If you are the account owner, please submit ticket for further information. The Hongkong and Shanghai Banking Corporation, which is today a feng shui world magazine pdf owned subsidiary of London-based HSBC Holdings. The previous HSBC building was built in 1935 and pulled down to make way for the current building.
The building can be reached from Exit K of Central MTR Station. The second design of the HSBC headquarters building, used from 1886 to 1933.
Wardley House, used as an HSBC office between 1865 and 1882 on the present site. In 1864 the lease cost HKD 500 a month. After raising a capital of HKD 5 million, the bank opened its doors in 1865.
Wardley House was subsequently demolished and replaced by a second HSBC building that was completed in 1886. The main feature of the second building design was the division of the structure into two almost separate buildings. The building on Queen’s Road Central was in Victorian style with a verandah, colonnades and an octagonal dome, whereas an arcade which harmonised with the adjacent buildings was constructed on Des Voeux Road. In 1934, the second building was demolished and a third design was erected.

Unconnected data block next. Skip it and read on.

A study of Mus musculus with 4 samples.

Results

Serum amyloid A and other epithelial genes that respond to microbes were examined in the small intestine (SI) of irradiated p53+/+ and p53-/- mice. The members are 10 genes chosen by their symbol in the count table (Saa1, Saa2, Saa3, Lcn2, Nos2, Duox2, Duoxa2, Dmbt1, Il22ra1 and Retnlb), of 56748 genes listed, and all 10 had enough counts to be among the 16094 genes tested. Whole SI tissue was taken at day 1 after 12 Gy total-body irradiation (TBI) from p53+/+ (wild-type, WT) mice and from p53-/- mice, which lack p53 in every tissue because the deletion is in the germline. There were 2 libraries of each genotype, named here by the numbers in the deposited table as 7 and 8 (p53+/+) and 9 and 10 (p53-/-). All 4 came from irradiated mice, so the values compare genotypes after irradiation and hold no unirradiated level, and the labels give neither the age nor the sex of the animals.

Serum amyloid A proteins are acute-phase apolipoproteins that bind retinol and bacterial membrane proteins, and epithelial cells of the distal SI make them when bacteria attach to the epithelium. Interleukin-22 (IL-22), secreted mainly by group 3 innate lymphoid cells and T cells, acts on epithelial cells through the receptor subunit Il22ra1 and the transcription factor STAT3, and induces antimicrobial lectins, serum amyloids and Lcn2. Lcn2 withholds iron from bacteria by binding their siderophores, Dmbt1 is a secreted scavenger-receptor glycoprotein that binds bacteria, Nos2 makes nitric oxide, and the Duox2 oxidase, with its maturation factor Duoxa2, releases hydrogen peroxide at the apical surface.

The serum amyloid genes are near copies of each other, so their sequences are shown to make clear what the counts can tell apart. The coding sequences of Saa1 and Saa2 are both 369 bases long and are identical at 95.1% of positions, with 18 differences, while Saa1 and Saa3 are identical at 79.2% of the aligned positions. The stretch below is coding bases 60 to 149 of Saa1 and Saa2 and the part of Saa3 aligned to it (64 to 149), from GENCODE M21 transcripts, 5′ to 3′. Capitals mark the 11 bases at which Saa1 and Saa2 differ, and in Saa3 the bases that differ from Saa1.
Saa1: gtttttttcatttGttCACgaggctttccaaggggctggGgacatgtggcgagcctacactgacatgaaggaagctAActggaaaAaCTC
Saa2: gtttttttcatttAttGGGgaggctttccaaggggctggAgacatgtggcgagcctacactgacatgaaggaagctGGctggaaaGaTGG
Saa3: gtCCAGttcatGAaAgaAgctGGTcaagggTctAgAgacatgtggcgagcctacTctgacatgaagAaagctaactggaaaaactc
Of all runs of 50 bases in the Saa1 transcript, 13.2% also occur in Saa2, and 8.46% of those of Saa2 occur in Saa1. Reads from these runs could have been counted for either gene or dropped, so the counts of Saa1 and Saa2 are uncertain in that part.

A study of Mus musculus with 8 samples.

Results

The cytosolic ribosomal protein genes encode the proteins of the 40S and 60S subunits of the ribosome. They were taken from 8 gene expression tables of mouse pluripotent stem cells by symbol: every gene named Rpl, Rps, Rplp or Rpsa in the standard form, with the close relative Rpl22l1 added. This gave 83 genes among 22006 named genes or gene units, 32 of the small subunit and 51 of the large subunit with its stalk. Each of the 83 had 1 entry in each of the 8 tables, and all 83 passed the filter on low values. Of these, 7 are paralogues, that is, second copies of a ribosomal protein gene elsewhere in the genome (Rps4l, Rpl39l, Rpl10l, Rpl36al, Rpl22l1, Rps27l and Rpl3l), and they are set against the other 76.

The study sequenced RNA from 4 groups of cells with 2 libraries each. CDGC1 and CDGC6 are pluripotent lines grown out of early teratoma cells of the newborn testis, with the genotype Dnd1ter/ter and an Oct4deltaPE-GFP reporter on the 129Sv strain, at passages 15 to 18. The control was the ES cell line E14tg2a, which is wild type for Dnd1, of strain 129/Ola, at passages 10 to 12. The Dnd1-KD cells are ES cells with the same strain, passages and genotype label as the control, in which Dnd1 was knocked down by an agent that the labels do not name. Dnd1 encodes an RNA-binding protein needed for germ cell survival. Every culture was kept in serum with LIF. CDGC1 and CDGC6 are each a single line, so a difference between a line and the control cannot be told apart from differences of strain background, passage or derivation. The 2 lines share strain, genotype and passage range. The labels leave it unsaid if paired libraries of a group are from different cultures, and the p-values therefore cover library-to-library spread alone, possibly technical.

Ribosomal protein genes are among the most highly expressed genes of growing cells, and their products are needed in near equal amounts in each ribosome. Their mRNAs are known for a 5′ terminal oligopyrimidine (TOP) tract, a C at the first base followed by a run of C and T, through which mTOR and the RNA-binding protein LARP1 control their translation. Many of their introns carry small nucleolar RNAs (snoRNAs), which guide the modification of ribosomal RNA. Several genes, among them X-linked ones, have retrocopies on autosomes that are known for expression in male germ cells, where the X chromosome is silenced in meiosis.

The new building opened in October 1935. The third design used part of the land of the old City Hall, and was built in a mixed Art Deco and Stripped Classical style. During the Japanese occupation of Hong Kong, the building served as the government headquarters. It was the first building in Hong Kong to be fully air-conditioned.
Central, and it was obvious that such a “solution” to the space limitations could not continue indefinitely. In 1978 the bank decided to tear down its headquarters and construct a new, larger headquarters building. The new building was finished on 18 November 1985.
The first major addition to the building, designed by Hong Kong’s One Space Ltd, was completed on 23 November 2006, in the form of a ground floor lobby that improves security access to the upper floors and creates a prestigious reception area. The atrium of the HSBC building was the site of the Occupy Hong Kong protests which maintained a presence in the building from 15 October 2011 until their eviction in September 2012.
Partners with service design by J. Partners, and was constructed by Wimpey International. The building is 180 metres high with 47 storeys and four basement levels. The building has a modular design consisting of five steel modules prefabricated in the UK by Scott Lithgow Shipbuilders near Glasgow, and shipped to Hong Kong.
About 30,000 tons of steel and 4,500 tons of aluminium were used. The new Lobby and its 2-part Asian Story Wall were designed by Greg Pearce, of One Space Limited. Conceived as a minimalist glass envelope, the new lobby is designed to be deferential to Foster’s structure and appears almost to be part of the original.